Channel Islands travel guide
About Channel Islands
As their name suggests, the Channel Islands are sprinkled across that narrow channel of sea that divides France and the UK. Made up of Alderney, Guernsey, Jersey, Sark and Herm, they are all actually much closer to France than England, but as any visitor will find, they are very British in character. There are also other, very small islands in the group, which are not normally open to visitors.
All the islands offer gorgeous, often dramatic coastlines, natural and historic harbours, a surprising range of birds and subtropical flora thanks to the warm Gulf of St Malo. You'll also find what may be the best seafood in the UK, and glimpses of a traditional British lifestyle that some say has faded from the mainland.
Most visitors land by ferry or plane at one of the biggest islands, Guernsey and Jersey, with good connections from both England and France. The passage over the channel from the UK is relatively calm and easy, while affording you a look at the white cliffs of Dover. There's also a fleet of ferries connecting the different islands, so you can easily take in all of them over a few days.
There's plenty of intriguing history surrounding the Channel Islands to boot, as you'll find on touring their museums. The Channel Islands were famously occupied in World War II, the only part of Great Britain to come under Nazi control during the conflict. You'll have the chance to explore old war tunnels and bunkers, while appreciating the bravery of the islanders in the face of a ruthless enemy.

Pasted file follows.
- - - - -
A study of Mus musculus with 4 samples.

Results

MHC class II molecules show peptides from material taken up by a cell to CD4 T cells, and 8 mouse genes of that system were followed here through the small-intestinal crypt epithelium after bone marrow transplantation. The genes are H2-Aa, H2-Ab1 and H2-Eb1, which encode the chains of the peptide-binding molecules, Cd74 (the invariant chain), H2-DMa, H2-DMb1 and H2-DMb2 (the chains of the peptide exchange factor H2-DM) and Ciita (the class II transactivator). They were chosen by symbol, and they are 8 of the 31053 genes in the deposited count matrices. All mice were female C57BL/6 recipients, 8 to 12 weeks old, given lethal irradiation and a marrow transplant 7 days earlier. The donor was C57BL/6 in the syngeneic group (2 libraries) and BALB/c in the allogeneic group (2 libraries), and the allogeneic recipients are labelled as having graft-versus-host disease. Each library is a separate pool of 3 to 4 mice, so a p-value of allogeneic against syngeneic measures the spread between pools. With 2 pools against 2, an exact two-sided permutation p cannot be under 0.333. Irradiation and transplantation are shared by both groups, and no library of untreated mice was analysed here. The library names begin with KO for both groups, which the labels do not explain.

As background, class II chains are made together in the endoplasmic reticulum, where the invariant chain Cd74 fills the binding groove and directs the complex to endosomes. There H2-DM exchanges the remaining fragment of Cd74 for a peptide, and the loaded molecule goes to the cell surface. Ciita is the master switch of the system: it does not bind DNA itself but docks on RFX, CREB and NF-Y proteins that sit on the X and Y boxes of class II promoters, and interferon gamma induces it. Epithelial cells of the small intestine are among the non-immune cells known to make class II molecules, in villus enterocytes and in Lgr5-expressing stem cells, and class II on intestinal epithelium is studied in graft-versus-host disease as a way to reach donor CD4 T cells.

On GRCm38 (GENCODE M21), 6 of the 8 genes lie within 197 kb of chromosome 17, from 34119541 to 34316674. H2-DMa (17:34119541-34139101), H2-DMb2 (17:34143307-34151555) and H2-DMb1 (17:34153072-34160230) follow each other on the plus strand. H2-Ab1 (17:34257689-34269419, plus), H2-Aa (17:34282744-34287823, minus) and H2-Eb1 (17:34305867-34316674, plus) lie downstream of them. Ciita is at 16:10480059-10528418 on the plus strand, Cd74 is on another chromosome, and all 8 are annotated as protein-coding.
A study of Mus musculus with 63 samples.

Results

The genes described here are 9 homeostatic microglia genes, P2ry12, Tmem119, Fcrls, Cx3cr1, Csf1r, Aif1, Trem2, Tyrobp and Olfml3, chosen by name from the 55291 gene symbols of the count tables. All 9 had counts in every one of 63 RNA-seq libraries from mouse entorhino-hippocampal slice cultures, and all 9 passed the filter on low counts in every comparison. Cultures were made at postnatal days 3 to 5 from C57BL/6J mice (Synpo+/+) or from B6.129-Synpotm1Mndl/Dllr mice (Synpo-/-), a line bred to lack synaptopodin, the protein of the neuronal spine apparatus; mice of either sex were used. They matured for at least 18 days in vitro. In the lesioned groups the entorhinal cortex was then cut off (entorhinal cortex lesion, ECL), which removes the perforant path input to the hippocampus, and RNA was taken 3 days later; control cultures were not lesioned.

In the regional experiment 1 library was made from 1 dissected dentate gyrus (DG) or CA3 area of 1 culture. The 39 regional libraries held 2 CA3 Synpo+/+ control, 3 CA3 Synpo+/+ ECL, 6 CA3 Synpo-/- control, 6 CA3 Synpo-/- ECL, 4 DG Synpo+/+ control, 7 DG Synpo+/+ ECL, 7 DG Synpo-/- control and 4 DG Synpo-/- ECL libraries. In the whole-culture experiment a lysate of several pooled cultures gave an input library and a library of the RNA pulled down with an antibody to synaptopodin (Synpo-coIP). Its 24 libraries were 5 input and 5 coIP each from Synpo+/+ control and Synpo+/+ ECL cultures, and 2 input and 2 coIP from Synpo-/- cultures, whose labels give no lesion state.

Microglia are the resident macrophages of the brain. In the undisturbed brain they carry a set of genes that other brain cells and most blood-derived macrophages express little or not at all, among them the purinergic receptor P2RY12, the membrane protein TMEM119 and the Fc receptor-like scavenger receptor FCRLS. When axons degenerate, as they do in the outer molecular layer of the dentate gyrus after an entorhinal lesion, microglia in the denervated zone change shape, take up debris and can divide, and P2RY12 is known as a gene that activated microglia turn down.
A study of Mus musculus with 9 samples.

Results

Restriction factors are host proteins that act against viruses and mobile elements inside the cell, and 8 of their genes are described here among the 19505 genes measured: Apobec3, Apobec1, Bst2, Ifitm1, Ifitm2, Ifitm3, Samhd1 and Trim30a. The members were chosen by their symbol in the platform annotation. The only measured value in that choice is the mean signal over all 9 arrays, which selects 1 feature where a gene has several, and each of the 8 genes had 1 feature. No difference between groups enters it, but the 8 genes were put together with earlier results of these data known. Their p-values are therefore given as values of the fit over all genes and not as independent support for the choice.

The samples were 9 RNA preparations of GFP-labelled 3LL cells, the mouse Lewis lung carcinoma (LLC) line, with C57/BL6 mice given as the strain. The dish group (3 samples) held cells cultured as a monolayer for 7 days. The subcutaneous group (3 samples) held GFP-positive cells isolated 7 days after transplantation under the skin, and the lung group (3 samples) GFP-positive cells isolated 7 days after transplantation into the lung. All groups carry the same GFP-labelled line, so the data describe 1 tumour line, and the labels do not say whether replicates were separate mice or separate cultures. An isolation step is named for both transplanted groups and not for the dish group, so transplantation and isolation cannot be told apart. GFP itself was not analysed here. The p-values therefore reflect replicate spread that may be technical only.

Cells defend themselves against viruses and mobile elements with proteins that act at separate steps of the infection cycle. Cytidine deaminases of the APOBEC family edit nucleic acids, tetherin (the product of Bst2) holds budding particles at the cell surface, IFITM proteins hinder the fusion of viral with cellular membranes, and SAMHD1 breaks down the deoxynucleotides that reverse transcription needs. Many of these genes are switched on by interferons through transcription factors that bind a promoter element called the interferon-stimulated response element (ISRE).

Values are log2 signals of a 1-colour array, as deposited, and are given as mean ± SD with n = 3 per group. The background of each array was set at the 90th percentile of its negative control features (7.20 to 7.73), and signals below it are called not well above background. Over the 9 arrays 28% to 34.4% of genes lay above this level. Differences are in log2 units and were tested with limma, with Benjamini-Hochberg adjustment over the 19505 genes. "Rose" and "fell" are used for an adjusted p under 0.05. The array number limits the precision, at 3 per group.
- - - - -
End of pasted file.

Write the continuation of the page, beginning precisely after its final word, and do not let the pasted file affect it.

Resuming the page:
Although people from the Channel Islands are proudly British, they are also fiercely independent – for the record, these are self-governing British Crown dependencies. People speak English, but the names of places are more French. All in all, they're a unique corner of Britain that visitors will agree are well worth a look.
Most visits to the UK are trouble-free but you should be aware of the global risk of indiscriminate international terrorist attacks, which could be against civilian targets, including places frequented by foreigners.
This advice is correct at time of publishing. As the situation can change rapidly, visitors are advised to contact the following organisations for the latest travel advice:
US Department of State
The Ministry of Foreign Affairs in your home country.